The first few times I heard the Zooropa album, it didn’t really connect with me. As I think back, I can’t really come up with a reason why, except maybe that it was so different. Anyway, after buying the cassette tape and listening to it a few times, I put it away and didn’t revisit it for a while. Then one night, I woke up and found myself humming the title track. I must have been dreaming about it because it was firmly stuck in my head and I couldn’t get it out for days. Later that week, I had some free time, so I sat down to give the album another chance. It was like I was hearing it for the first time. That time, I got it. The ideas, the concepts, the lyrics and music, the mood of the album – all of it hit home with me on that listen. Since then, Zooropa has consistently been counted as one of my favorite U2 records, and a large part of the reason that I hold the album in such high regard is the title track.
When I listen to “Zooropa” now (the song, not the whole album) the song conjures really powerful images in my mind. Images of a cityscape at night. As the sun goes down, the city’s lights come up and overpower the stars above. Even it was released over twenty years ago, the song still feels strongly modern and state-of-the-art, maybe even futuristic. Like a city controlled by people who have defeated their human frailties by means of technological augmentation.
The multi-part song, by virtue of its unorthodox structure, is probably the closest that U2 have ever come to progressive rock. The opening of the song fades in subtly, with a threatening bass part (supposedly played by Larry) and chaotic sounding overlapping electronic chatter backed by keys courtesy of Brian Eno. The next section is typical U2, with a lot of features that we’ve discussed here before, like Adam’s bass part providing the melody and Edge’s guitar serving a more rhythmic purpose. I say “typical” but at the same time, it sounds otherworldly and completely unlike anything else U2 have recorded before or since. The final segment of the song explodes out of the comparative quietude of the first two segments like a powerful motorcycle jetting away from the starting line at a race. Listening to it right now as I type this, I am reminded that it as a perfect piece of euro-pop. Utterly flawless in its melodicism and catchiness. Bono’s soaring vocals carry a powerful message, too. Just like the music of the third and final piece of the song bursts out, so should the listener leave the cozy confines of what they find to be comfortable. Experiment. Go on adventures – even the little kind of commonplace adventures that we have time for in our busy everyday lives. Take your head out of the mud and “dream up the world (you) want to live in. Dream out loud.” I’ve always thought that in the Bible of U2, that phrase, “Dream out loud” is as close as we’ve got to a golden rule.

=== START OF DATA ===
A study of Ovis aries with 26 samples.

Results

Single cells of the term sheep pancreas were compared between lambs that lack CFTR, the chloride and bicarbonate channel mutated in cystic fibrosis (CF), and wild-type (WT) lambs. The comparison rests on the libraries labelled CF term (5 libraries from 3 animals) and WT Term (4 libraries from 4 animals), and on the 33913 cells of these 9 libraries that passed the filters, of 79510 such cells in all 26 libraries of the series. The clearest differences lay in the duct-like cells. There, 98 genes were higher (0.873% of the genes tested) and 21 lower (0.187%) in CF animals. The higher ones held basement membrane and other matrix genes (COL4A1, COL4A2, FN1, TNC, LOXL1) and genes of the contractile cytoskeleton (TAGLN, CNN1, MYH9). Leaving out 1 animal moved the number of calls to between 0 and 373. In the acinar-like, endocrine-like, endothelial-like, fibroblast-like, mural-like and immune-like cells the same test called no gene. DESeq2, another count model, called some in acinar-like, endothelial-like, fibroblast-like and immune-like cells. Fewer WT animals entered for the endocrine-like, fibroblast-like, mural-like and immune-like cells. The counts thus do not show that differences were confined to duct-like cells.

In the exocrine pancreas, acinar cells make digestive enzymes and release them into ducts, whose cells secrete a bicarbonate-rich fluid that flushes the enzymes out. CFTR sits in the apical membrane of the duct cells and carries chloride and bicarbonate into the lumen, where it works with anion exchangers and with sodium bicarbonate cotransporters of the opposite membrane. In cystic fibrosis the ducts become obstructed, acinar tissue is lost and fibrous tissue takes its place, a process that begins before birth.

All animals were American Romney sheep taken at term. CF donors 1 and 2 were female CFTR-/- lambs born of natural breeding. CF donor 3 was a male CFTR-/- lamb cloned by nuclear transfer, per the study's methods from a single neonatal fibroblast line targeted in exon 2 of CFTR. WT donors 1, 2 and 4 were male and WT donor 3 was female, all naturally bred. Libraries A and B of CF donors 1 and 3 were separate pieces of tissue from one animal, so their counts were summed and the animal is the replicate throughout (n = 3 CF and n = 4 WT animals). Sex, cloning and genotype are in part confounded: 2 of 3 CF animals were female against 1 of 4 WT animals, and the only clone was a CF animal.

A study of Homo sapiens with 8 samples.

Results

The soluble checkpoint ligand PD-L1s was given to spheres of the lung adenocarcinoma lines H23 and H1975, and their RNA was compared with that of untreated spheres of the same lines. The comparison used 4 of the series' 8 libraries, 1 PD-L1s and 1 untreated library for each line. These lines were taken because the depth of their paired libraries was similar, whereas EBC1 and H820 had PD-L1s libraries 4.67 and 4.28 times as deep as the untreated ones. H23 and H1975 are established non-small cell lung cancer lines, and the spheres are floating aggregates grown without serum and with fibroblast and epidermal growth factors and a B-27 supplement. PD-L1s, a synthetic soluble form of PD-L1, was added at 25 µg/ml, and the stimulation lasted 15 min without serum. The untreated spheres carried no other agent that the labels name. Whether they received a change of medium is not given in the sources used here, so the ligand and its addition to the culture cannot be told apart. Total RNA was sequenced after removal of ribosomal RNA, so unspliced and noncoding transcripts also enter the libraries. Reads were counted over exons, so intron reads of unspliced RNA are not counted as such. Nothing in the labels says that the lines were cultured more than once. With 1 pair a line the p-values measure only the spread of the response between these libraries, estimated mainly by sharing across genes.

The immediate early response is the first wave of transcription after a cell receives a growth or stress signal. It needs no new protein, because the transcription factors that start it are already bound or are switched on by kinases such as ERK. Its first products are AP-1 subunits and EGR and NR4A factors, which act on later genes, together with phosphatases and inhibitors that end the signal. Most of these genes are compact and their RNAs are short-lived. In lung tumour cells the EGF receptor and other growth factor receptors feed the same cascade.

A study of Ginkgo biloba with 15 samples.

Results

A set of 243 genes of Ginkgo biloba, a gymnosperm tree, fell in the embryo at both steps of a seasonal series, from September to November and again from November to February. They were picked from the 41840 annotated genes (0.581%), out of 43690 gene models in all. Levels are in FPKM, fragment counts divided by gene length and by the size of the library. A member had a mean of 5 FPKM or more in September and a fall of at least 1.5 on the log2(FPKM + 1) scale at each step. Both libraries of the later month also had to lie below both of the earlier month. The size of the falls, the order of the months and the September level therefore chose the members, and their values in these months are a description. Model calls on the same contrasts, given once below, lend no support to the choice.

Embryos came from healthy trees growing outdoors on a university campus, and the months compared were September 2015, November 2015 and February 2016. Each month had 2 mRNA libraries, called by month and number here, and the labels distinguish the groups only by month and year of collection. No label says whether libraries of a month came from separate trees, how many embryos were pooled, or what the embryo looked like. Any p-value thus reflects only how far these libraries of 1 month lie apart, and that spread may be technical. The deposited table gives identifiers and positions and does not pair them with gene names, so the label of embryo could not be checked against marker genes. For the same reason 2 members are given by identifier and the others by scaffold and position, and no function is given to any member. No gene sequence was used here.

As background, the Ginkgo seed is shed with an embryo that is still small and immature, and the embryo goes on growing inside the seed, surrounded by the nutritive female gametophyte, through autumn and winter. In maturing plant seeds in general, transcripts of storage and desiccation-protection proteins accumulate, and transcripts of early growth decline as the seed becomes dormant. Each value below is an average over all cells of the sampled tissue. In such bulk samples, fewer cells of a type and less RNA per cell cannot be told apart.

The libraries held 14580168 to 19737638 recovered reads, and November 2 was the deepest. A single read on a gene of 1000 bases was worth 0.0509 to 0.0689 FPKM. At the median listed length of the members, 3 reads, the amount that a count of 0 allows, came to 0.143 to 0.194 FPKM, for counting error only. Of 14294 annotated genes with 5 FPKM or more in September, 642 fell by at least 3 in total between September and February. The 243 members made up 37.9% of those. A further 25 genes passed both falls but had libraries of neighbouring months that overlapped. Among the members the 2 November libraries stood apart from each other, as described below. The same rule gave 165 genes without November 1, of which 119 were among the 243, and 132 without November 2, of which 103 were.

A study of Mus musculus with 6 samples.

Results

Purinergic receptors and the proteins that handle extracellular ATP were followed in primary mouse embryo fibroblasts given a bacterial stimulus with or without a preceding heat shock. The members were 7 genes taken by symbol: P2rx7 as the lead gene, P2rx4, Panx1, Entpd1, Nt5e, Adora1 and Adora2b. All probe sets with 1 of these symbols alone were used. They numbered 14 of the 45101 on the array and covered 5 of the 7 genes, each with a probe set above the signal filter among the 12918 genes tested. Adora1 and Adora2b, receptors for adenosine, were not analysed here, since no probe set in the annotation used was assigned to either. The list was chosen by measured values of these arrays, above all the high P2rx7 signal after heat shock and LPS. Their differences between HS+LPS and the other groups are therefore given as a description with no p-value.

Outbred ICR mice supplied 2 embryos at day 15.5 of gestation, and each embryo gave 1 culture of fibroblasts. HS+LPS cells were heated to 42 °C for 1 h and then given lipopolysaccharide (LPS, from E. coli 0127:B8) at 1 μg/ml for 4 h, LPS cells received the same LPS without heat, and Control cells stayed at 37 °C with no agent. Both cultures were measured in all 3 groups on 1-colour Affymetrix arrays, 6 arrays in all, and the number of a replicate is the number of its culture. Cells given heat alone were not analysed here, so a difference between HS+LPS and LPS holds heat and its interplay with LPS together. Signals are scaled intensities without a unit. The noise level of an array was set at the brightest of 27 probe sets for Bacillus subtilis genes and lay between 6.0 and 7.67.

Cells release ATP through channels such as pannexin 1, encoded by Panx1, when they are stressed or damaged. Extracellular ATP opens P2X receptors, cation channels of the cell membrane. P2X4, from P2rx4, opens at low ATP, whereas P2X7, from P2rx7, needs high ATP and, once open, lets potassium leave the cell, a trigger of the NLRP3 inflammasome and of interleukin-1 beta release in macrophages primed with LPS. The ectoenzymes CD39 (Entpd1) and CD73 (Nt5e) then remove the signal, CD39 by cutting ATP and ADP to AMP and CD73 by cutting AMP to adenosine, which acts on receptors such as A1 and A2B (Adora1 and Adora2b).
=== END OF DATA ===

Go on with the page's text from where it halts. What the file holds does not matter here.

“Zooropa” has a curious history with live performances. Back in 1993, when the song was new, it was played a grand total of three times. In abbreviated form, at that, as those live performances consisted mostly of the third and final part of the complete song. It wasn’t until eighteen years later, during the 360 Tour, that the first and second portions of the song made their live debuts. On that tour, it received twenty-seven airings, one of which was preserved on the fan-club release U22. Now fast forward to today’s Innocence + Experience Tour, which just started its European leg. A brand-new arrangement, with downplayed instrumentation of swelling keyboards and throbbing bass. It segues into “Where the Streets Have No Name” in a dramatic, soul-stirring fashion that leaves me breathless every time I hear it. “Zooropa” is one of my absolute favorite songs of all time, and I’m thrilled and surprised that the band have chosen to perform it again. Hopefully it’ll stick around for the rest of the tour, wherever that may take the band.